A new study by the Automobile Club of Southern California, AAA reveals that only a year after the texting while driving ban started in California last July, driving while texting is on the rise in Orange County. California is one of only seven states that ban handheld cell phones from use while driving and not all states ban texting.
The California Highway Patrol, issues approximately 11,000 citations for cell phone violation each month. Initially after the ban went into effect, they saw a sharp drop in cell phone use, but now violators are back to pre-law numbers.
Obviously the California legislators are not pleased with the public’s indifference toward these laws. Over 6,000 annual fatalities occur from distracted driving from texting, cell phone use and other electronic devices. These types of motor vehicle accidents usually result in serious injuries. Moreover, civil damages in an auto accident lawsuit for those drivers who are found to have violated these traffic laws are now much more severe.
An Orange County man was recently sentenced to four years in prison for killing a pedestrian. Additionally, he was charged with vehicular manslaughter with gross negligence because records indicate that he had been texting just minutes before the accident. He was texting to a woman who he had recently met on a dating service. Text messages can now be determined within 14 seconds off real time, according to court testimony. Global Positing System records are now very accurate.
The tragic accident happened on Westcliff Drive in Newport Beach when Martha Ovalle was crossing the street and was hit by Mr. Kuehl’s SUV. The force of the crash propelled Ovalle 72 feet away from the point of impact where she died at the scene of blunt force trauma. Pedestrians are particularly susceptible to accident injury from cell phone use.
The U.S. Department of Transportation has launched a national “Put it down” campaign. It target both adults and teens, and challenges them both to put down the cell phone and hold off on writing texts while driving. A new study released by the Pew Research Center says that teens and adults equally disobey these laws. In fact, 47% of adults were found to talk and send texts while driving, compared to 34% of teens.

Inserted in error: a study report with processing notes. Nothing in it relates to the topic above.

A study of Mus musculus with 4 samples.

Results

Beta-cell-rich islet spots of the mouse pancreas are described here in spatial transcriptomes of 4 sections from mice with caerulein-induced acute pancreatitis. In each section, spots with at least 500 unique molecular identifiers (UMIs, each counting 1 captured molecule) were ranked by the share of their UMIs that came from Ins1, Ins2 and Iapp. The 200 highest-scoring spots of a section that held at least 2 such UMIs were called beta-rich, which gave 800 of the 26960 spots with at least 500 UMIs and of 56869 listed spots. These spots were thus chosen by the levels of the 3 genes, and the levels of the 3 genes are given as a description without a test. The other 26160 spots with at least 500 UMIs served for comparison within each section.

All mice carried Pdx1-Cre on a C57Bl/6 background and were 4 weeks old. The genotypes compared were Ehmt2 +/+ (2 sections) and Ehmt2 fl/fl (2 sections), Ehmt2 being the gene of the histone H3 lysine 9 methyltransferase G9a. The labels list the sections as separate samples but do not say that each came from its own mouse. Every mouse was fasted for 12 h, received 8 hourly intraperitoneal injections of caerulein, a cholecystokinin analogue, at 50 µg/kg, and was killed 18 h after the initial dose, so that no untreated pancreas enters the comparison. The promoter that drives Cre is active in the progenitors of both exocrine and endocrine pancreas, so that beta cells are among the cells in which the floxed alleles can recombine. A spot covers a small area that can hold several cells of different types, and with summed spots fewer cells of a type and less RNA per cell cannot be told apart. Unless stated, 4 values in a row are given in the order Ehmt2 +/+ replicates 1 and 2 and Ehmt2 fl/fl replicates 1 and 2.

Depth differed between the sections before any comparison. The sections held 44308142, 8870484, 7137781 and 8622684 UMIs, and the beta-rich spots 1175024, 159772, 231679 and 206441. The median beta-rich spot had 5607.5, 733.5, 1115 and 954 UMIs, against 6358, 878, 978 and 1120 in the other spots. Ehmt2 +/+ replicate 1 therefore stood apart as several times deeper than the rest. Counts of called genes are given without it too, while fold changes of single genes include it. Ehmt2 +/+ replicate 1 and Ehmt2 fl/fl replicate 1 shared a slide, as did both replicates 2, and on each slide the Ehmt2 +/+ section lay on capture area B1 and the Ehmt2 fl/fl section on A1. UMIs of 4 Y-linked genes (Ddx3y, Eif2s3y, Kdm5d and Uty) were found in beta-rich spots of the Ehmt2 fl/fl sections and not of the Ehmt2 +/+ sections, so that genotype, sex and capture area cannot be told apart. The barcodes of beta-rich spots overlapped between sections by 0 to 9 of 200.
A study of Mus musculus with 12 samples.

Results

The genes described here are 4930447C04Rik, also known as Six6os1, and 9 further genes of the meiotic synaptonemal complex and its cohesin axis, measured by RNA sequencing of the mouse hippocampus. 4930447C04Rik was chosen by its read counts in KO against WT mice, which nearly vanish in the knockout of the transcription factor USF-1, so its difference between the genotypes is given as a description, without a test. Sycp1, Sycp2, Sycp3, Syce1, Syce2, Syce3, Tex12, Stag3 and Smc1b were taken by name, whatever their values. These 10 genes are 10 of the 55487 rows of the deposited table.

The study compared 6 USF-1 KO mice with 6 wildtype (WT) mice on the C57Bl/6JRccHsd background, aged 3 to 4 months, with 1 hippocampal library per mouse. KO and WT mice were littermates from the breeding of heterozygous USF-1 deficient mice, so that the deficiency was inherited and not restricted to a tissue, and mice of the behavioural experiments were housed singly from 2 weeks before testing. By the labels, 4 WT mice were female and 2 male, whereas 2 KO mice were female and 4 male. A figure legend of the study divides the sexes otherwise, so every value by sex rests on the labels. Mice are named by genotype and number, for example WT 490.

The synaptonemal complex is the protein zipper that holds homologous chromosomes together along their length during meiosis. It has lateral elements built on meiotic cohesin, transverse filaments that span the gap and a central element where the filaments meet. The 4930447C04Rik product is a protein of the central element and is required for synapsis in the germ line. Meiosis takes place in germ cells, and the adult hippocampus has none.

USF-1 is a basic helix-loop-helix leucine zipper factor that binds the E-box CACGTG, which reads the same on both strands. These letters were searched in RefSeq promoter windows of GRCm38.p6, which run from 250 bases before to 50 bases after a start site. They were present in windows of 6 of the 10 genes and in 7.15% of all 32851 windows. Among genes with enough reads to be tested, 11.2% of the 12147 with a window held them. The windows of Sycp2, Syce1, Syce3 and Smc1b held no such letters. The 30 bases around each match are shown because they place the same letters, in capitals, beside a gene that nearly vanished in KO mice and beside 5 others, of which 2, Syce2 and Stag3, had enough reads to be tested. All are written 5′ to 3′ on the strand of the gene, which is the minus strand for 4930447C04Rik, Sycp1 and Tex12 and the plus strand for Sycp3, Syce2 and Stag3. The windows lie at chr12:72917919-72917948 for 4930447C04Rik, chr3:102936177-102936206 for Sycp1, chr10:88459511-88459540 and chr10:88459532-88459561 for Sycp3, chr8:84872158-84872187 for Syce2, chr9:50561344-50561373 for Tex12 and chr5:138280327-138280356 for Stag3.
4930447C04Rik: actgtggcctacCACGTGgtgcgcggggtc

However, automobile accidents are still the number one killer of teens . Research shows that most teens don’t have completed brain development and thus don’t always make logical choices. Actually, the brain is not completely developed until approximately 25 years old.
Because of the numerous distracted driving issues that teens experience, new legislation has been introduced in congress to implement new state requirements for driver’s licenses. At 16, a young driver would have a “Graduated Driver Licensing” or GDL. Under this system, they could not drive at night and have restrictions on the number of passengers that they could drive.
At 18 they would be eligible for a full license after they have had some time to build their driving experience. The legislation is now pending, but whatever the outcome, it is essential that both adults and teens obey traffic laws and don’t text while driving.